Wine Grape Harvest. Description of a day spent harvesting grapes at a local home vineyard and winery, while learning about the hands-on wine making process.
A friend of a friend had friends in need of some help. Ron and Kathy’s small vineyard was ready for harvest in early October, about three weeks later than usual. As a result of the delay, a number of their usual helpers were not available.
A call went out to friends who were asked to bring friends, and there I was one recent Sunday morning on my way to Granite Bay.
Ron and Kathy have a lovely home situated on 2 ½ acres. Approximately ½ acre is planted in several varietals of grapes, a dozen rows in all.
When we arrived, a table had been set up with coffee and assorted breakfast goodies. A cooler full of water was nearby. My friend and I had a chance to meet and chat with Ron and Kathy as well as fellow volunteers while we were waiting to start. It was a very nice group of people.
Ron gave us a rundown of the harvest process. We started with the largest planting, four rows of Barbara. Gloves, clippers and buckets were provided, as well as an explanation of what to harvest and what grapes to discard.
Full buckets were carried to the end of the row and were soon picked up and hauled off to the back of the property where the production facility and winery is located.
I have to say that it was a perfect day to undertake the harvest. The weather was beautiful, with a light breeze, and most of the time the cloud cover kept us comfortable while we worked.
Wine Grape Harvest – Crushing & Destemming
After harvesting all of the Barbara, it was time for the next stage of the process. Volunteers loaded grapes into the crusher/destemmer, removed buckets full of crushed grapes from underneath the machinery, and emptied them into a large bin, among other chores.
During this process Ron explained the next steps he would undertake to finish the process. Ron has worked hard to learn the ins and outs of winemaking. He has utilized the expertise of both U.C. Davis and fellow members of the Sacramento Home Winemakers over the years.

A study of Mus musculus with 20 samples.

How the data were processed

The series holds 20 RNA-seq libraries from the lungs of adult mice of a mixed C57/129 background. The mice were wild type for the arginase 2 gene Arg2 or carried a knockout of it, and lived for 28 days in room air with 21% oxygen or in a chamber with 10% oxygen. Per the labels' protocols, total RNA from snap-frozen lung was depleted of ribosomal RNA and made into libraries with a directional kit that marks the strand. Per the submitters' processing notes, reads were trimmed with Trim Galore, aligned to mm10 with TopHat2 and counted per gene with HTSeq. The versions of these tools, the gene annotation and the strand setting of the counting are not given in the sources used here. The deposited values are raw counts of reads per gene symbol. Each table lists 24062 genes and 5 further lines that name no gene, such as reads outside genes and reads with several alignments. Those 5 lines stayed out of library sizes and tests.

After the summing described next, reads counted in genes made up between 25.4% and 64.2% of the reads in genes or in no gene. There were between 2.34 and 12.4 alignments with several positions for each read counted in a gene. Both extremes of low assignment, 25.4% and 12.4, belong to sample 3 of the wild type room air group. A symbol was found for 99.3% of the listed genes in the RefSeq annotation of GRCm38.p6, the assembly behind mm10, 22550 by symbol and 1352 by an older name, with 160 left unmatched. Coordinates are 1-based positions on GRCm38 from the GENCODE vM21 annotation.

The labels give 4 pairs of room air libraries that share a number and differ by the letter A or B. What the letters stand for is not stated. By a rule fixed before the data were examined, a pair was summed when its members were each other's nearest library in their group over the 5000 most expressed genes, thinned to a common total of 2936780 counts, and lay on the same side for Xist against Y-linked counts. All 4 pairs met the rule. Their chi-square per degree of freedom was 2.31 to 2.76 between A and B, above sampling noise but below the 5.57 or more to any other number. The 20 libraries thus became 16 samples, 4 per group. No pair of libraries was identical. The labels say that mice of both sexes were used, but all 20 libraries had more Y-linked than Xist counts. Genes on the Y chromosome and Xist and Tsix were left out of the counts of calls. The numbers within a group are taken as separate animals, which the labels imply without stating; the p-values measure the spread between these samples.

Once the first batch was processed Ron and a helper hosed off the equipment in preparation of processing the next varietal. The vines had delivered a bumper crop, the largest to date according to Ron.
While the equipment was being cleaned, the rest of us were sampling some of the wines from previous years (Barbara, Tempranillo, Sarah, Cabernet Franc). Everything I sampled was tasty and pleasing to the palate – smooth, not harsh as some homemade wine can be.
After a delicious lunch of homemade chili, we returned to the vineyard to continue the harvest.
During the latter part of the day, women new to the harvesting experience were offered the opportunity to have a posed photo taken wearing a white peasant blouse and a colorful flowing skirt while stomping grapes (ala Lucy). Several young women took Ron and Kathy up on the offer.
My blog policy is to not include identifiable photos of people, just in case you were wondering about the composition of the photo below.
After the last varietal had been processed, while we sipped wine and chatted, the bottling process was described.
As we prepared to leave at the end of the day, Ron presented each of us with a bottle of wine as a thank you.
To Sum Up
To sum up, it had been a fun and interesting day. I was tired, but not overly so. A few days later I opened and enjoyed my bottle of 2017 Tempranillo. Thanks Ron and Kathy!